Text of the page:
After 6 working days of sustained nationwide strikes and street protests in Nigeria, the Labour movement caved in today and “suspended” their strike action. Here is my take on the various actors and their hits (positive actions) and misses (negative actions):
- None to note
- The Industrial Court played the villain in granting the Federal Government anf injuction preventing the labout unions from embarking on a strike.
- Through the registrar of the court, seeing that the injunction was not obeyedThe Industrial Court Furiously tried to defend the “undefendable” saying the injunction was to prevent development of “anarchy” and didn’t stop civil society from protesting.
My Verdict: Loser
The Federal Government
- Has succeeded in increasing the pump price of petrol from N65 to N97
- Succeeded in pummelling Labour into submission
- Succeeded in getting it’s way (for now) without making any big concessions
- Deceived the people telling them subsidy would be removed in April
- Misread the mood of the people and “bombed” them with a New Year gift of fuel price increases believing protests will be a whimper.
- Appeared unprepared for the level of protests and unrest following the increases
- Unleashed the military against unarmed peaceful protesters in a democracy
- Invaded local bureau of International News Agencies (CNN & BBC)
- Acknowledged that all the might of the Federal Government of Nigeria is unable to protect the borders of this Nation from fuel smugglers ( and in extension: thief, gunrunners, terrorists etc)
My Verdict: Reeling but winning the spin war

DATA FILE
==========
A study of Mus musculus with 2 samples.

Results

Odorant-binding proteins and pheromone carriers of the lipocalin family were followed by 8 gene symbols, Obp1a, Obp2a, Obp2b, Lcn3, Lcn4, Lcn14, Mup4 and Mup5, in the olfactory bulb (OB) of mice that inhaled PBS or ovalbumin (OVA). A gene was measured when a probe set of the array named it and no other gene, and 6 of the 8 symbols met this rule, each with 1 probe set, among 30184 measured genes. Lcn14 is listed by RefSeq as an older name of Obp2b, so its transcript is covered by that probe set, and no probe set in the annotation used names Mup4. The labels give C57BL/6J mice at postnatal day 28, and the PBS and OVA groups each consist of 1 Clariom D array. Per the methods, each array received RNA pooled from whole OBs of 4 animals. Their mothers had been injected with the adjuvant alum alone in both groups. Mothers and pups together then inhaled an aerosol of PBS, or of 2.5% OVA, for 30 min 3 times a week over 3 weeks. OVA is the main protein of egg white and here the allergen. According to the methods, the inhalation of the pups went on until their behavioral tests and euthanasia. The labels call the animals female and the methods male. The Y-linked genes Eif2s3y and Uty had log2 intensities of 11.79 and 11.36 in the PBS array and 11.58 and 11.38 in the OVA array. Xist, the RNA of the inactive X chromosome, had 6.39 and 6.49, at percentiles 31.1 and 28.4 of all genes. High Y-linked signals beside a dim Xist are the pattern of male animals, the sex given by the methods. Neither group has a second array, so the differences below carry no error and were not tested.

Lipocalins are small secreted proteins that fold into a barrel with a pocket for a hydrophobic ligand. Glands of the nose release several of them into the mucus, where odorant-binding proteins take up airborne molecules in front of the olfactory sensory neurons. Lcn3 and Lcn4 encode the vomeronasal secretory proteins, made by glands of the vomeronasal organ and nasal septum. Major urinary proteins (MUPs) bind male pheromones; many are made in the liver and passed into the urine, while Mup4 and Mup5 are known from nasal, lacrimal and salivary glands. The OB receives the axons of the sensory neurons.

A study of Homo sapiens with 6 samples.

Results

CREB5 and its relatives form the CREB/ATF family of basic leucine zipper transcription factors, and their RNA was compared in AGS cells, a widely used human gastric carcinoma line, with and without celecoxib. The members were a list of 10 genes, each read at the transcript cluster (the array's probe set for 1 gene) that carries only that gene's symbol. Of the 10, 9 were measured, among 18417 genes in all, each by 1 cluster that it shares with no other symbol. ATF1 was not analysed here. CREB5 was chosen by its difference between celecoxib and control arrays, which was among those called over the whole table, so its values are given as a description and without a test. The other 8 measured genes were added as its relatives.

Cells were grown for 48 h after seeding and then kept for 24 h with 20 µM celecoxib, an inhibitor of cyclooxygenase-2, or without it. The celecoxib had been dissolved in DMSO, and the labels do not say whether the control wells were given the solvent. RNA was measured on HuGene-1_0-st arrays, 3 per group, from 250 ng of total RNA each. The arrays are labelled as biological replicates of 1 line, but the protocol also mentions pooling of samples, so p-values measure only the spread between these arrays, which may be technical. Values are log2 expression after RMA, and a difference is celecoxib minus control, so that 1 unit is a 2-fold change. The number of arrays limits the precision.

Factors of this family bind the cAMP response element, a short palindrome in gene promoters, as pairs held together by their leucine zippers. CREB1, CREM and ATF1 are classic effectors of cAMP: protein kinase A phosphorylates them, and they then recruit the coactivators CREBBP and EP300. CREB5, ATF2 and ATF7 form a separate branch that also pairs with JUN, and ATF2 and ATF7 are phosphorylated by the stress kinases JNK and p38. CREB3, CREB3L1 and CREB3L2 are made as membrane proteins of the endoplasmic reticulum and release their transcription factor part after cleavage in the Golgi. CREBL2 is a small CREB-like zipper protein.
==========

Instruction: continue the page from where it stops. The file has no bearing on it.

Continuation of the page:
Goodluck Ebele Jonathan
- Attempted to appear considerate with offer to reduce basic salaries of politicians by 25% (came across as feeble seeing that the issue is not the salary of politicians, but the vast allowances they give themselves coupled with corruption. But still a positive development)
- Appeared not in charge of the situation but rather a “puppet” of a cabal of ministers and others interests.
- In his second press conference announcing the N97 price, he kept using the phrase “government” has this or that. Makes one wonder who made the decision? Who is government? Is he not the Leader of the nation?
- Has fully squandered all the goodwill and benefit-of doubt he had with many neutral people.
My Verdict: Loser
- Succeeded in deflecting the anger of the increase from themselves to the federal government even though they were full and active actors in engineering the fuel price increase
- Succeeded in getting more revenues to spend
- None of note
My Verdict: Winners
The Labour Movement (NLC/TUC)
- Succeeded in mobilizing biggest strike in recent memory
- Gave up just when government was appearing desperate and cornered (deploying troops showed such fear).
- Appear like turncoats and traitors with the appearance of some unflattering pictures with the finance minister online.
My Verdict: Losers
- Passed resolutions asking government to revert to N65
- Went MIA
- Senate President, Speaker of House of Reps became negotiators on behalf of the FG.
My Verdict: Noisemakers
- Succeeded in infiltrating the protests and seeding their talking points into the discussion
- Failed to fully maximize the platform created by the crisis to voice their own alternate plans for the petroleum sector
- In my view all former aspirants failed to step up and seize the moment by expounding their own views for the nation
My Verdict: Losing
Civil Society Groups
- Succeeded in mobilizing even before Labour began their strike action.
- Succeeded in expanding the discussion from just fuel subsidy to the cost of governance and corruption.
- Succeeded in building momentum for the protests day after day.
- Innovative about the mode and manner of their mass protests
- Largely peaceful protests
- Allowed infiltration by political special interests into their midst.
- Too dependent on Labour (NLC/TUC) to maintain cohesion and momentum
My Verdict: Verdict is not yet in. To be revealed in the next few days.
The Nigerian Masses
- Finally many Nigerians shook off their lethargy and protested against leaders who are meant to be serving them
- As usual, many Nigerians are happy that at least it is now N97 and better than N147. “E go better” syndrome kicking in again
My Verdicts: The Victims
There you have it. My Take on Occupy Nigeria fuel subsidy protests. What do you think?